INTERVIEWS, REVIEWS & RELATED ARTICLES
The Wire SEPTEMBER 2010 - by Clive Bell
SONG AND CIRCUMSTANCE: THE WORK OF DAVID BYRNE FROM TALKING HEADS TO THE PRESENT
In 2007 David Byrne visited the studio set for Big Love, a TV series for which he was writing music. In his online journal he wrote: "I love these places - you're in the set and it's completely believable as a suburban home or an office and then you look up and there is no ceiling... and through the window is a massive photo backdrop of the mountains that ring suburban Salt Lake City." Walking round this carefully faked copy can make your own home feel hollow and unreal, muses Byrne. "The mental dislocation is a wonderful feeling. It's somehow liberating."
Sytze Steenstra, a Dutch writer and philosopher, is good at pinpointing these moments as keys to Byrne's practice. Before assembling Talking Heads in mid-1970s New York, Byrne dropped out of a couple of art schools and became fascinated by the Art & Language movement, a Marxist based critique of the consumption of art and culture. His ambition was to make his life into a work of conceptual art. But how? His first idea was to become an anonymous rock singer, but Steenstra's take is that the rest of his ambition remained very much in place, and that Byrne's sprawling portfolio can best be understood as a high-profil;e and high-spirited, but essentially serious, romp through a series of conceptual art projects concerning mental dislocation. So, instead of the depressing 'rock star takes some photos' syndrome, with the underlying suspicion that no one would look at these artworks if the artist weren't so goddamn famous, Steenstra highlights Byrne's interest in, for example, issues of authenticity, and traces his thinking right through from early Talking Heads (critiquing Romantic rock authenticity) to his 2008 Songs Of David Byrne And Brian Eno tour, in which gospel-influenced songs were performed with minutely choreographed dance movements.
This is a bookish book about bookish people. At the release of My Life In The Bush Of Ghosts, Byrne and Eno handed journalists a reading list. They included John Miller Chernoff's African Rhythm And African Sensibility, and Byrne later roped in Chernoff to play guitar strings with pencil erasers in the studio. "The book is delightfully and unusually free of gossip," purrs Byrne in a rave blurb on Song And Circumstance's back cover. True - there's none of those nasty rows about who broke up Talking Heads. The other Heads were bookworms too, and the only bitchy quote is bassist Tina Weymouth saying "I didn't read those books", in reaction to Byrne and Eno's love-in. This was around the time Weymouth started up Tom Tom Club, a side project which sold more copies that any previous Heads album.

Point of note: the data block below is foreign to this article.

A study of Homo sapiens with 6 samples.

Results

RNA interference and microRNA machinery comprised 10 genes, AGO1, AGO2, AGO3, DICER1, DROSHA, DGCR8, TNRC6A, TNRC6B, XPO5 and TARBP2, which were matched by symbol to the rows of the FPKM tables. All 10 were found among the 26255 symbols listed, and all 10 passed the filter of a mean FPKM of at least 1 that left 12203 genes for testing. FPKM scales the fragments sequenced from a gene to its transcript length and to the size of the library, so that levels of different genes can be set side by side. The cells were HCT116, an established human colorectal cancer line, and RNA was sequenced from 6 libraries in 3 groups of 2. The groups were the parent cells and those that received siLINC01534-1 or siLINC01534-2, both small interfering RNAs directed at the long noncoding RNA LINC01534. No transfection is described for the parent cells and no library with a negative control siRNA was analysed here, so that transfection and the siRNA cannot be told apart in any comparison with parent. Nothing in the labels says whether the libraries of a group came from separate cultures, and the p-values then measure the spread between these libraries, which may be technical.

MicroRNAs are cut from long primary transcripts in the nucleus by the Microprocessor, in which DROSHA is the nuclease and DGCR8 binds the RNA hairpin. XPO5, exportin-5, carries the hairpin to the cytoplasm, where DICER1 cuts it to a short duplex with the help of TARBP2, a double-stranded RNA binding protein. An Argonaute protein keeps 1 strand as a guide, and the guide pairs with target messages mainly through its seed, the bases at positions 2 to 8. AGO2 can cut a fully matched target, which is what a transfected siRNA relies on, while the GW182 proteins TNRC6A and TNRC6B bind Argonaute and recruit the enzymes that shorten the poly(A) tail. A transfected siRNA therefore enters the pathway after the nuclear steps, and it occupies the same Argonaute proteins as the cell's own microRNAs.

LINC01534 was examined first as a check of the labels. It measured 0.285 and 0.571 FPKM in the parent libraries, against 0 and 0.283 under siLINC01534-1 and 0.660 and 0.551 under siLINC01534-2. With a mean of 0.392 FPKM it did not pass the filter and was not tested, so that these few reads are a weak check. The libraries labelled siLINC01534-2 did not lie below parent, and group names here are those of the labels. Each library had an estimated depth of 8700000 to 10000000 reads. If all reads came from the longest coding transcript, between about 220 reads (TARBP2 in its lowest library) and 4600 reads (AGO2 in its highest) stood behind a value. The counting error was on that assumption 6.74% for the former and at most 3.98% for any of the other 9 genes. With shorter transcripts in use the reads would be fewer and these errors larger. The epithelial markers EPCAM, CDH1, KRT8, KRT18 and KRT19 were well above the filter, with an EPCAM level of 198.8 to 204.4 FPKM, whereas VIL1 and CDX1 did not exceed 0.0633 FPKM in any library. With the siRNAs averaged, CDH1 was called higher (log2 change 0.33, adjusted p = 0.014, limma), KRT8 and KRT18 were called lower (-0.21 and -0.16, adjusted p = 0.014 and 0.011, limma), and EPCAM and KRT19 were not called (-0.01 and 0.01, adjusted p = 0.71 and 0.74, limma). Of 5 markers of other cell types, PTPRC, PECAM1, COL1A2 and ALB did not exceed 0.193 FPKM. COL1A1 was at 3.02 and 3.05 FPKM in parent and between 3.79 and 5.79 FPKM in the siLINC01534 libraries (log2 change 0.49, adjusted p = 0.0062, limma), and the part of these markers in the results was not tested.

So if you want to know what Byrne was reading at any point, Steenstra is here to tell you. Fortunately, he sits down the chatty end of the academic high table. He's clear, engaging and readable, and when he works his angle about German Romantic poets, he will tell you who Novalis and Schlegel are, rather than rubbing in your ignorance. "The poet uses things and words like a keyboard," wrote Novalis around 1800, while Friedrich Schlegel jotted down a formula for God and art that looks very Byrnesque. Steenstra's point is that Byrne's playful approach has much in common with these witty Germans, and deserves the tile Romantic Conceptualist.
From a 2001 photographic exhibition to the 2009 prose book Bicycle Diaries, Byrne's work stretches way beyond music. Steenstra focuses on the underpinning philosophy, but is goos on the music too, and I particularly liked his characterisation of Byrne's songwriting as Alice Cooper meets Randy Newman.